February 22, 1845 – January 11, 1919 — July 12, 1846 – August 28, 1929
Henry Washington Byron, the son of Peter Byron, who emigrated from England to Pennsylvania and married Mary Hesketh in that state. Peter and Mary moved to Ohio where their six children were born. Henry was born on February 22, 1845, and given the middle name of Washington because of that. In 1852 Peter and Mary settled in Peoria, Illinois. Henry was seven years old.
In 1859 he left Peoria for California. He walked to the New York Harbor where his sailed as a cabin boy to the Isthmus of Panama. He crossed the Isthmus by mule and then sailed to San Francisco arriving in 1860 and then to El Dorado County where he mined for 14 months with a limited success. Following the lure of gold-seekers he sailed to Australia, where he mined until 1864, making and losing and making money again.
On February 22, 1864, Henry married Rosina Gallard in Sydney, Australia. Rosina was born at Castle Hills, New South Wales in July of 1846. At the age of 18 she went to a little town near Sydney to visit her sister and while there she met Henry. He was preparing to book passage to California, and return to his Illinois home. They married on the 22nd of February 1864.
Henry and Rosina left in March of 1864 from Sydney on the sailing vessel “T. W. House” for San Francisco by way of Auckland, New Zealand. At Auckland the ship was re-christened “Sir George Grey” under the British flag. During the trip “frightful” storms were encountered, and at times it was not expected that the vessel could withstand the battering of the heavy seas. The passengers and crew joined in singing hymns to fill the moments when they felt the ship might go down After 59 days at sea the ship docked at Megs’ Wharf on July 9, 1864. Staying in San Francisco for only nine days they booked passage on a boat up the Sacramento River to Antioch. From there they walked the seven miles to the coal mines near Summersville in Contra Costa county to be with her sister Emma, and her husband Frank Edwards.
After five years in late August, 1869, the family left Summerville by team to find land in Tulare county. The travelers included Henry, Rosina, Lincoln, aged 3, and Olive, 5 months, along with nephew John Edwards, 7. After passing through Firebaugh in Fresno county they crossed the Kings River at Kingston. They met a man along the nine day journey who wanted them to buy his land ‘”way out” by Tulare lake.
After having lunch in Kingston they were on the road and reached a point where a decision needed to be made. Henry asked Rosina if they should continue on to Visalia or go down to the Mussel Slough country. Rosina replied “I think we had take Mr. Lowrey’s advice and go there. You know all the people along the way have advised us not to go to Visalia unless we want these dear children to die of Malaria.”1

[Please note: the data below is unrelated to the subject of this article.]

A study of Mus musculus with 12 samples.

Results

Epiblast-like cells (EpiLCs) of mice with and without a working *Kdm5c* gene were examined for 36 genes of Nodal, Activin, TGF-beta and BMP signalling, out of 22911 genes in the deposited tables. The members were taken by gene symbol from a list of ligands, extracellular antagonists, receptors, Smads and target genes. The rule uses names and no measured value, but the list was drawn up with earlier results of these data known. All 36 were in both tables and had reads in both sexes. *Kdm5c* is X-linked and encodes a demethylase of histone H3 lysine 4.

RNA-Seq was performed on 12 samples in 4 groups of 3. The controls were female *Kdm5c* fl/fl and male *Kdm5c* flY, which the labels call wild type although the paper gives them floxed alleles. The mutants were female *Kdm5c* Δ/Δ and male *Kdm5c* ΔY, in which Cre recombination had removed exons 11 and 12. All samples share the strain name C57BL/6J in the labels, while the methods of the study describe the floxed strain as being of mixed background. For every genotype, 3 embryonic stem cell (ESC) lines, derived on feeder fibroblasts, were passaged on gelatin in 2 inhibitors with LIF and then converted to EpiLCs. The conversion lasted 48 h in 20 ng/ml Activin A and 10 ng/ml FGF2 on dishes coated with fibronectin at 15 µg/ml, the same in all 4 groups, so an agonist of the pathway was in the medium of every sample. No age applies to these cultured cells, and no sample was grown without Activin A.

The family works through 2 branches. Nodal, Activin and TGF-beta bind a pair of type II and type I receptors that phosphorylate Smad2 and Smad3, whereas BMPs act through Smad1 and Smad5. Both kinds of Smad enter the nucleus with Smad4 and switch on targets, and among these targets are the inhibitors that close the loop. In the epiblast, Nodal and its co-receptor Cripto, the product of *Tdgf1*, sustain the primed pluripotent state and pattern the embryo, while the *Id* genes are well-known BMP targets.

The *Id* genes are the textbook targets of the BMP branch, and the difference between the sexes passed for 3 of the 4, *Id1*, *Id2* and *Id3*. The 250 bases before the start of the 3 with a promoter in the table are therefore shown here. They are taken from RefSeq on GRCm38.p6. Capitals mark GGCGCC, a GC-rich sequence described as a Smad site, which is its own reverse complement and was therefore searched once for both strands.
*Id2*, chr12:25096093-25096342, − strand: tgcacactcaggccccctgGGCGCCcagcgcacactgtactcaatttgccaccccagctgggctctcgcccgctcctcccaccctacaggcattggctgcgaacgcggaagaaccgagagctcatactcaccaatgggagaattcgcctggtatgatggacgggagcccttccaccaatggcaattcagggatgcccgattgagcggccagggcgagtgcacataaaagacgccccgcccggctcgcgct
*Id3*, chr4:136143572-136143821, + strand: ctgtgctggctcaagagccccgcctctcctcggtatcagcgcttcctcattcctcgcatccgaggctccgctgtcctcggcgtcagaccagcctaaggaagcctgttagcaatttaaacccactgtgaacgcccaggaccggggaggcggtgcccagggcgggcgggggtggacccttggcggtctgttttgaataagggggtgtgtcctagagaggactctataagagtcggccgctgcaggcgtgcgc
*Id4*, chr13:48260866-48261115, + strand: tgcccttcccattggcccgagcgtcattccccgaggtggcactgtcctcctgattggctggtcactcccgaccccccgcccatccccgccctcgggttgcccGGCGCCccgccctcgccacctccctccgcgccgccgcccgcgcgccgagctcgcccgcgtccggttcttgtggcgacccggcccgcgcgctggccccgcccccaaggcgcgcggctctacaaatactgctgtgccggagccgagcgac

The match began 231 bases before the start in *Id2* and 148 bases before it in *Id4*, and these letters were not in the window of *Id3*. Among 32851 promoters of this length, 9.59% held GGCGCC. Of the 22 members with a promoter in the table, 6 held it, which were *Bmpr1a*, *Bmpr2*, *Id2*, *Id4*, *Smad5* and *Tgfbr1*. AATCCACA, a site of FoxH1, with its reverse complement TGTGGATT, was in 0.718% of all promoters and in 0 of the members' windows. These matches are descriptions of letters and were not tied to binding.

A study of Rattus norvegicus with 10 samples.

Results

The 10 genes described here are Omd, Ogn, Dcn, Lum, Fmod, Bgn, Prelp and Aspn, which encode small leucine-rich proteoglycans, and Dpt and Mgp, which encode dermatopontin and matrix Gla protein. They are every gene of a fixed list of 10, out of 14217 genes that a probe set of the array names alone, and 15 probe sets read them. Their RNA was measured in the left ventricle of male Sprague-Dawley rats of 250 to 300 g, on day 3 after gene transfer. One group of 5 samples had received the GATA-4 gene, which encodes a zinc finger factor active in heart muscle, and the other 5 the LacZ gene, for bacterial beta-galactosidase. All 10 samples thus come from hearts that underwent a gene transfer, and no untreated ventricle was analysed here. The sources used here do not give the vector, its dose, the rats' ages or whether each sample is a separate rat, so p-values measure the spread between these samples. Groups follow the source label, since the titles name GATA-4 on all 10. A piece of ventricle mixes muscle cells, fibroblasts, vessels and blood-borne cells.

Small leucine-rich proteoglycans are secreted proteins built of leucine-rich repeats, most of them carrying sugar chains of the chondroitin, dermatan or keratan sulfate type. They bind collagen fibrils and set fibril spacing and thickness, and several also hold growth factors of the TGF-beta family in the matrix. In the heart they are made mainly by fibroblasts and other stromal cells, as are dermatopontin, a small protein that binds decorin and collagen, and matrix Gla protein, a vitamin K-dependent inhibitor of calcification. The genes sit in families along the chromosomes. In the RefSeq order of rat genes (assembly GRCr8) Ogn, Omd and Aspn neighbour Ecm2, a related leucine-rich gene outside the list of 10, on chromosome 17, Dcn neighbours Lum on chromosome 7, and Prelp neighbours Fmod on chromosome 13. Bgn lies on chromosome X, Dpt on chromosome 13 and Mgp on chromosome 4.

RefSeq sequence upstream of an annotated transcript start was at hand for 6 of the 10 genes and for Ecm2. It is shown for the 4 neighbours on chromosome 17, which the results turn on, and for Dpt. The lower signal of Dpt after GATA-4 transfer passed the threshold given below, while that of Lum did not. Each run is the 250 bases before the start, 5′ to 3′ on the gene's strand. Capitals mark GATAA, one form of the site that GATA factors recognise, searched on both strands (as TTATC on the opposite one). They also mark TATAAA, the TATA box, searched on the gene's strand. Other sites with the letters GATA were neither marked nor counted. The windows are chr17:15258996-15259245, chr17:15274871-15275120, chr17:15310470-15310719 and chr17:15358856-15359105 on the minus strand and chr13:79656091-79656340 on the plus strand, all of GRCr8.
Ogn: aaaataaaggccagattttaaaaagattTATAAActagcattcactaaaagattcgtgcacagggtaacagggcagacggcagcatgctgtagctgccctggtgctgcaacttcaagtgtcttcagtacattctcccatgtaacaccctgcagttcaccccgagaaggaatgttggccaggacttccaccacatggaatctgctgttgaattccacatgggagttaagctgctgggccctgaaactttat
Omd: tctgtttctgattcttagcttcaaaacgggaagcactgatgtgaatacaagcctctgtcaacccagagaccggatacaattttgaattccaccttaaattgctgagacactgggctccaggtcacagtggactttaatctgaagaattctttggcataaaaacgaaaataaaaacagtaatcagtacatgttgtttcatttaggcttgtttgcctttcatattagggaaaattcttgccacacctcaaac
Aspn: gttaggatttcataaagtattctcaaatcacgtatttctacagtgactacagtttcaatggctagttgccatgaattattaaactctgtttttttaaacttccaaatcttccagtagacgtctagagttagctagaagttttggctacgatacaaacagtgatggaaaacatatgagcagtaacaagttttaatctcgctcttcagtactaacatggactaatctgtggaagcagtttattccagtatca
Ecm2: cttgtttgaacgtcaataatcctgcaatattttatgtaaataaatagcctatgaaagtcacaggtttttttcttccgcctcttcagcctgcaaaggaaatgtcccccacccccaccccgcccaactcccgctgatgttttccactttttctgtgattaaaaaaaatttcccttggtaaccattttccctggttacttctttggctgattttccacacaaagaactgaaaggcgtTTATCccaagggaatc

After traveling ten miles they came to the farm of John Kurtz. The Kurtz’s gave them a warm welcome and let them stay on their farm while they looked for a piece of land of their own. The next day John Kurtz took Henry to see a piece of land that a Mr. Pearce had. After getting the land the first thing that needed to be done was build a camp and dig a well. Local Indians were hired and after three days they moved from the Kutz’s place.
After traveling ten miles they came to the farm of John Kurtz. The Kurtz’s gave them a warm welcome and let them stay on their farm while they looked for a piece of land of their own. The next day John Kurtz took Henry to see a piece of land that a Mr. Pearce had. It was section thirty-four in Township eighteen South of Range twenty-East in the district of lands subject to sale at Visalia, California, containing one hundred and sixty acres. After getting the land the first thing that needed to be done was build a camp and dig a well. Local members of the Yokut tribe were hired and after three days they moved from the Kutz’s place.
In the 1870 the settlers found a need for irrigation on the the dry land. Daniel Rhoads and others already had some irrigation as early as 1862 through a series of natural waterways. Henry and 25 others filed a “claim for water” in October 1870, and the Lower Kings River Ditch Company was formed. The ditch was dug by hand with rudimentary tools. By 1890 Henry was president, a director, and the superintendent.
In 1871 a son Mark was born to the Byron’s. He died “of thrush” four months later. The state had stopped burials at the Lake School property, and Mark was buried on the Byron farm. Others began to be buried there and the approximately 8 acre site became the Lemoore District Cemetery.
Henry died on January 11, 1919. Rosina died on August 28, 1929. Both are interred in the Lemoore Cemetery
Several of Henry’s brothers served in the military. His brother James served during the Mexican War as an artilleryman and lost left arm in an engagement by a premature discharge. His brother Philander served during the Civil War and was a prisoner at Andersonville in Georgia. His brother William was also in the Civil War and was a prisoner at Libby Prison in Virginia. Both lost their lives.
- From various publications of a journal by Rosina.